A girl getting a measles vaccine at a health center in Damascus. ©UNICEF/Syria-2013/ Sanadiki

Aleppo 19 June 2014: “It was last week that my little Raya*, started to show symptoms of measles,” said Oum Hani, a mother of three who arrived in the western part of Aleppo six months ago.

“She was really in pain and couldn’t breathe,” Oum Hani recalled. “I brought her to this clinic and they took her blood tests. I don’t know the results yet but she is better and her face rash is gone”.

Today, at a UNICEF supported clinic at Al- Ihsan NGO, seven-month old Raya has been provided with free medicine, and is on the road to recovery.

A nation-wide vaccination campaign against polio and measles in Syria got underway on 15 June. The campaign, like previous vaccination rounds, is supported by UNICEF and WHO with funding from UK aid.

“This round, running between 15-19 June, aims to vaccinate fifty per cent of children aged between 6 months and 10 years against measles. In addition, we plan to immunize 2.9 million under five children against polio”, said Dr. Iman Bahnasi UNICEF Syria Chief of Health.

So far, MOH has confirmed 160 cases of measles in Syria, although a much larger number — 2,825 – has been reported.

“So far the directorate of health is receiving reports on suspected cases of measles from the western part of Aleppo while we don’t have any records about the eastern opposition controlled part” said Dr. Bahnasi.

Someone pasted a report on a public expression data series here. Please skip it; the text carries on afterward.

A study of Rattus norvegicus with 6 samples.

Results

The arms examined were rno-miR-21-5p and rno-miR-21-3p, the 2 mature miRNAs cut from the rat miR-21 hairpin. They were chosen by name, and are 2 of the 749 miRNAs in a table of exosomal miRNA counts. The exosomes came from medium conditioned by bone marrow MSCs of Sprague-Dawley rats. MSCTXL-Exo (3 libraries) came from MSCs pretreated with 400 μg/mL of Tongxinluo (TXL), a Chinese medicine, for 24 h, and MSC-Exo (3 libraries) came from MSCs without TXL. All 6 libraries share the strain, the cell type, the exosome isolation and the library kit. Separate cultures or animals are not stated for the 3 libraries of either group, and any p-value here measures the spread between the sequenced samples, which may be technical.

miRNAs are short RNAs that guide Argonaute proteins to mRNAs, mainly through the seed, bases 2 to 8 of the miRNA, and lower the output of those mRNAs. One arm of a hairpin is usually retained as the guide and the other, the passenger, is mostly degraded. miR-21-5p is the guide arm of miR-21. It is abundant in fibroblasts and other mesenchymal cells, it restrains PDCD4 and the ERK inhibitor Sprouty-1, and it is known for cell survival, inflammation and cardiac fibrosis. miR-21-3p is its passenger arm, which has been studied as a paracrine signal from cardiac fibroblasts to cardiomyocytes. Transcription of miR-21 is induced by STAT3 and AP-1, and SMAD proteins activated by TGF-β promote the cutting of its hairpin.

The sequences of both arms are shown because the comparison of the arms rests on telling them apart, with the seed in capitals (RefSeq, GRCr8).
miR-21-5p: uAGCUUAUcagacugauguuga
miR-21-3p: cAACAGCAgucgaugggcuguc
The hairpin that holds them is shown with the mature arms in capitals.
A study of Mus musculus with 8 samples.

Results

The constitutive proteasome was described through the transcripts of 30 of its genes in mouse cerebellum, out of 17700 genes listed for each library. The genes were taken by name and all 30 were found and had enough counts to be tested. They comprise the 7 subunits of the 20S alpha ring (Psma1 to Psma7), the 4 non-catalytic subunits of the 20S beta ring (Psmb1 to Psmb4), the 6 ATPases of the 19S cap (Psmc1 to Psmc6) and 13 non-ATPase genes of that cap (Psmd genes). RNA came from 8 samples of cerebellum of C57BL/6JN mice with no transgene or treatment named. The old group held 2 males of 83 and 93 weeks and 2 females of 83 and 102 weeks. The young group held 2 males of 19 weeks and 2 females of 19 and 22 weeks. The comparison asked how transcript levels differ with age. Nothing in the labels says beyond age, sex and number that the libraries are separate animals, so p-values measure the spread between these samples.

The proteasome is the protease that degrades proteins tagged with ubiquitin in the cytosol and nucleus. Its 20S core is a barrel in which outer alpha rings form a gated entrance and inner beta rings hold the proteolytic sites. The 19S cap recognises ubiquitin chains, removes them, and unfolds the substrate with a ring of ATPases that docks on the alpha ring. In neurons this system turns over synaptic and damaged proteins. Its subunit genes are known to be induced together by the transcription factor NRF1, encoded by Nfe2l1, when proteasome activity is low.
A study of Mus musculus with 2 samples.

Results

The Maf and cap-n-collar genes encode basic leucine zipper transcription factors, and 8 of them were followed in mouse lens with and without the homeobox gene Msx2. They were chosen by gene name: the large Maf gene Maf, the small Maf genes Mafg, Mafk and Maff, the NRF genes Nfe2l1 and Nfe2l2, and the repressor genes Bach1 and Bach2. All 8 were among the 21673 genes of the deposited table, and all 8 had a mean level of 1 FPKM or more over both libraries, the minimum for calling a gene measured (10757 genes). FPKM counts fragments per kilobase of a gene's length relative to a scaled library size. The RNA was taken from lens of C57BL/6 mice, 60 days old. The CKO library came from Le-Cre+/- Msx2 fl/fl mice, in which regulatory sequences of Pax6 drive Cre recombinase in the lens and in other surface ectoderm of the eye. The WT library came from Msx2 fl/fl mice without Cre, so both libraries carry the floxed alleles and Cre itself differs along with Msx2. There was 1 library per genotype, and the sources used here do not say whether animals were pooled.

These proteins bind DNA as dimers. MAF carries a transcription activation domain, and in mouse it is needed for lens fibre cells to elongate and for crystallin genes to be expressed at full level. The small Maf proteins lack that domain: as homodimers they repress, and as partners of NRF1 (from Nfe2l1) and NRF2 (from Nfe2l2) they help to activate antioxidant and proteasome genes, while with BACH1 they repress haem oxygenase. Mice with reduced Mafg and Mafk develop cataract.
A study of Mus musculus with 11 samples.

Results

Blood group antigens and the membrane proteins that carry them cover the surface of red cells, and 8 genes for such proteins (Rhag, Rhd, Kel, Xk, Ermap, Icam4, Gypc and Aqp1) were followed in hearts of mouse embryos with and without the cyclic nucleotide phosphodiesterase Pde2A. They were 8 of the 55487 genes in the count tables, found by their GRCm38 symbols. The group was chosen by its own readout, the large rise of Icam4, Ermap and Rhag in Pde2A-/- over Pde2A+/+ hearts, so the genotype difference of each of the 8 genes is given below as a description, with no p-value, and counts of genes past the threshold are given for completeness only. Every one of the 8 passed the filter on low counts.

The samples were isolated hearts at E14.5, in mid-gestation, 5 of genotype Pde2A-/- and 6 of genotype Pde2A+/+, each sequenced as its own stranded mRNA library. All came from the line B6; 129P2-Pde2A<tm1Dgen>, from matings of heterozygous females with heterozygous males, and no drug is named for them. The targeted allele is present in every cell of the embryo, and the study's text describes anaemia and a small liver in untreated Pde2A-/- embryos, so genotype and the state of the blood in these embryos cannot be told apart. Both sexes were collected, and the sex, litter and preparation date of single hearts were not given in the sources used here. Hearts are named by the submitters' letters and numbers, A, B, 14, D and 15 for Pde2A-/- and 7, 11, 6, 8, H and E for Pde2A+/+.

The conflict in Syria has left the health system in a shambles. Routine vaccination campaigns have been disrupted across the country.

Even so, according to Dr. Nidal Abursheed, who heads the national immunization programme, one day before the campaign, 100,000 doses of measles vaccine were safely delivered to Aleppo by road.

7 months old IDP girl in Aleppo got measles symptoms last week. ©UNICEF/Syria-2014/Rashidi

7 months old IDP girl in Aleppo got measles symptoms last week. ©UNICEF/Syria-2014/Rashidi

“The security situation and constraints on access have made the process of delivering the measles vaccine almost impossible for NGOs working on health issues”, said Anas, a paediatrician working with another Aleppo-based local NGO. “Syringes are one of the most difficult medical items to deliver to hot areas”.

So far, UNICEF has supplied the Syrian Ministry of Health with more that 5 million auto-destruct syringes to support routine immunization campaigns and the special measles campaign currently underway.

WHO reported that in 2013, 1.86 million children were vaccinated against measles[1].The crowded living conditions at shelters provide the conditions which make the spread of the virus more likely. So, in IDP shelters across Syria, vaccination for a wider age group of children is underway.

“At shelters we are covering all children aged 6 months to 15 years with the measles vaccine” said Najwa a mobile team vaccinator. “Next week we will be conducting a mobile vaccination campaign”.